Public policy is an important focus of Philanthropy New York's work. We support members' efforts to advance public policy in two areas: encouraging effective philanthropy and promoting solutions in issue areas.
Philanthropy New York is a nonprofit membership organization created in 1979 by the New York City philanthropic sector to promote and support the practice of effective philanthropy for the public good.
A program aimed at reducing recidivism among young people jailed on Rikers Island is being shut down because of disappointing results.
William T. Grant Foundation Vice President for Program Vivian Tseng suggests a framework for understanding how and when research is used in policy and practice. She argues for more strategic identification of the intended users of research and increased knowledge of the ways they acquire, interpret and use research evidence — as well as a more reciprocal relationship between research and practice/policy.
A study to support the evaluation of the Rockefeller Foundation’s Promoting Equitable and Sustainable Transportation Initiative.
Philanthropy New York follows a process laid out by our board of directors to determine whether or how to take an official stand on public policy issues. We anticipate taking positions only on issues directly affecting the philanthropic sector or the broadest array of nonprofit organizations, as opposed to issue-specific policy matters on topics like education, health, etc. Our public policy work is just taking shape, however, so we will take our cues from our members on what issues we should consider.
Our Public Policy Committee advises our organization on public policy matters and develops recommendations on specific legislation or proposed regulatory activity.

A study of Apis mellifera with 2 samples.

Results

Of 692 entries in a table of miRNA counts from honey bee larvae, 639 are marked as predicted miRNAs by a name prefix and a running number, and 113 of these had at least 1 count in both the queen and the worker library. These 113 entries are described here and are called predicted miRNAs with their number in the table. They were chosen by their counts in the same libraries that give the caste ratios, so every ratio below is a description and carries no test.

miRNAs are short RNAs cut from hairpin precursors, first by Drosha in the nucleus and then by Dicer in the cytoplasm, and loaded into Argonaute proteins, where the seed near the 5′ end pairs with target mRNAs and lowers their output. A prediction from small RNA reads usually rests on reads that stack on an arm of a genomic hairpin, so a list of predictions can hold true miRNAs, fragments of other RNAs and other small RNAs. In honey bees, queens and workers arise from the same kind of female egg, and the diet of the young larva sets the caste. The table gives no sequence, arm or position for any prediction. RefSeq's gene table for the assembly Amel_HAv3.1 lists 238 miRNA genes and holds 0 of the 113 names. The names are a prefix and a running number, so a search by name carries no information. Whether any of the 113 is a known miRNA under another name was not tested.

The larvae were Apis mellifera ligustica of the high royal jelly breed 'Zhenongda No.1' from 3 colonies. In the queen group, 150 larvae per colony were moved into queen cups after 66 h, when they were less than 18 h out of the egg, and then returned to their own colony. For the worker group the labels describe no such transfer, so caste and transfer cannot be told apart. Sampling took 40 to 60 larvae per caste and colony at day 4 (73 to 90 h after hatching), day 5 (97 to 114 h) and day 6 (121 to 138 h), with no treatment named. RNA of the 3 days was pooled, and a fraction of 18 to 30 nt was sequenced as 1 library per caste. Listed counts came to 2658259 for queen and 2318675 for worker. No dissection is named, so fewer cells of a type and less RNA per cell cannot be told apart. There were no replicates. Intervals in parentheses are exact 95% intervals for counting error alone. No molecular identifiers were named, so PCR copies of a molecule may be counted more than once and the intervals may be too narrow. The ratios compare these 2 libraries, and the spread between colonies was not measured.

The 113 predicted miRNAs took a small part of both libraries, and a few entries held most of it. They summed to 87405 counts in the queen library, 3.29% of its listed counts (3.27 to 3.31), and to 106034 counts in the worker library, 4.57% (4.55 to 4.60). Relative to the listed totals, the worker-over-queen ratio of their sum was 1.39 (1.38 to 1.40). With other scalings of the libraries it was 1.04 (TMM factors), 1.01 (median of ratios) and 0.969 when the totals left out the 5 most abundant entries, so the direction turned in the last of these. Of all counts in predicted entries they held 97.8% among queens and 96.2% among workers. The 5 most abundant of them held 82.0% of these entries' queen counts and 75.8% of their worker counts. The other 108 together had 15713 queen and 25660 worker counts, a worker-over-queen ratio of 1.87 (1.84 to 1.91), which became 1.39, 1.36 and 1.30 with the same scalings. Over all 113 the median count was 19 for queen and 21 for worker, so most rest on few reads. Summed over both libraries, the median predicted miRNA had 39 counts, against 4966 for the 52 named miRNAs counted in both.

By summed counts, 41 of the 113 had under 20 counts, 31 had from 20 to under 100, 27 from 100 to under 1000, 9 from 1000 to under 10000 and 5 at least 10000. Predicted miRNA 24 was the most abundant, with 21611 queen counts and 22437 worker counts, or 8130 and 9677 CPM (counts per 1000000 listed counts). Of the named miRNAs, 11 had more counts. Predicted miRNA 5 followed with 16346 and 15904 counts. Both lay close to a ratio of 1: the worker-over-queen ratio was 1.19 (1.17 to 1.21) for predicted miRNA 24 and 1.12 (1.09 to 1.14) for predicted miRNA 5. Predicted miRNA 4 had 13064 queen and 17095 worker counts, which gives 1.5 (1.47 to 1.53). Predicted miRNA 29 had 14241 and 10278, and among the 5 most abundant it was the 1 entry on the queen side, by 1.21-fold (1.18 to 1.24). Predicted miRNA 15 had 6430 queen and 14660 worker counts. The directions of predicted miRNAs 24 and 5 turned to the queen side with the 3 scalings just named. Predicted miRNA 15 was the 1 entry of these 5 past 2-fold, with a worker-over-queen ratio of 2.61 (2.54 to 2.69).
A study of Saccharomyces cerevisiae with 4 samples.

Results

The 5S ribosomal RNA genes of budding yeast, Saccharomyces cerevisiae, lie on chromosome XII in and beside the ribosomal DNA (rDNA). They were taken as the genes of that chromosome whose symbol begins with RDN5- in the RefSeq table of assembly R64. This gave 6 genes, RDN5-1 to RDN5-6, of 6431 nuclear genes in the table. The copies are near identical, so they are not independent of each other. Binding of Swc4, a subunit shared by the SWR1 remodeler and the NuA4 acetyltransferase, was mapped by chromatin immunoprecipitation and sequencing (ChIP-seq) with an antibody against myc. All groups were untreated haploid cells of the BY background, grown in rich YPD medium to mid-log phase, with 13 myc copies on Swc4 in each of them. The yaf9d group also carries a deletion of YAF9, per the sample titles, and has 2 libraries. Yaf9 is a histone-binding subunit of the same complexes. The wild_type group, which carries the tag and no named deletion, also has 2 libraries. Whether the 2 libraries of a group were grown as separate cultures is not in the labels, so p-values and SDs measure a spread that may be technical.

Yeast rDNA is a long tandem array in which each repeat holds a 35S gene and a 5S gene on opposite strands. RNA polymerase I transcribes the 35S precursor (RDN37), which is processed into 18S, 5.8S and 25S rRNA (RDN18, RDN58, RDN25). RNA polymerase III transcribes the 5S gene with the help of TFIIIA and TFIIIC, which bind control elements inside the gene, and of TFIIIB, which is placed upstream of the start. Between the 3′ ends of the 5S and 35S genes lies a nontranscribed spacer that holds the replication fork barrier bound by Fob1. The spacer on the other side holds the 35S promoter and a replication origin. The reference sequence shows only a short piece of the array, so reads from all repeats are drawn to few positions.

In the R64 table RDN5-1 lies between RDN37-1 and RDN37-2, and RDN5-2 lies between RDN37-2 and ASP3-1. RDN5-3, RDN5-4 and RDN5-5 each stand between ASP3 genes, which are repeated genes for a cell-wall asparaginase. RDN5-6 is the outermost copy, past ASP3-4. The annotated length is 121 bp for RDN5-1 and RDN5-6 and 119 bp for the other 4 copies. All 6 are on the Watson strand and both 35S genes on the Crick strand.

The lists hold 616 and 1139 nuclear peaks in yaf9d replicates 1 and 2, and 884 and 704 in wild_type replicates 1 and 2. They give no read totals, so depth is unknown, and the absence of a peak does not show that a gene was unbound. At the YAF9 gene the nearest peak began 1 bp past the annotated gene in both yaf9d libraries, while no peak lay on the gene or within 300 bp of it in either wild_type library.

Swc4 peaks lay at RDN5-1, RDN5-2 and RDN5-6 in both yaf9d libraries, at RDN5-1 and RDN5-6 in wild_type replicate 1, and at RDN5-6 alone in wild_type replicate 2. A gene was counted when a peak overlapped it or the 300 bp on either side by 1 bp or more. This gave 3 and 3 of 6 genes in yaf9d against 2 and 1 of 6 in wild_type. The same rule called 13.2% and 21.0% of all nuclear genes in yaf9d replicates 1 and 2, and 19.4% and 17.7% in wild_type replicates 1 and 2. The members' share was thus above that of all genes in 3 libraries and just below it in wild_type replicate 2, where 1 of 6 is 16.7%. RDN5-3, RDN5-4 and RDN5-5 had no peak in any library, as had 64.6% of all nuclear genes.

Monthly Update: April 2015
This Social Policy Report from the Society for Research in Child Development (SRCD)*, examines how to best support the development and learning of children who are multilingual, and offers recommendations for policy and practice.
WNYC breaks down the new low-level marijuana policy.
Family-friendly policies can help parents balance jobs and responsibilities at home, and go a long way toward making it possible for women wi
We see policy work as a way to achieve our mission of promoting — and protecting — philanthropy and a strong nonprofit sector in the region. We are strengthening the voice of our foundation community to create greater giving impact.
Philanthropy New York's listserv policy includes general and legal guidelines, rules of etiquette, and how to instructions.
Innovative strategies and new investment opportunities can be used to align investment practices with mission objectives to sustain the public good. Jessie Smith Noyes Foundation offers a look at their investment policy which can be used as a template for others.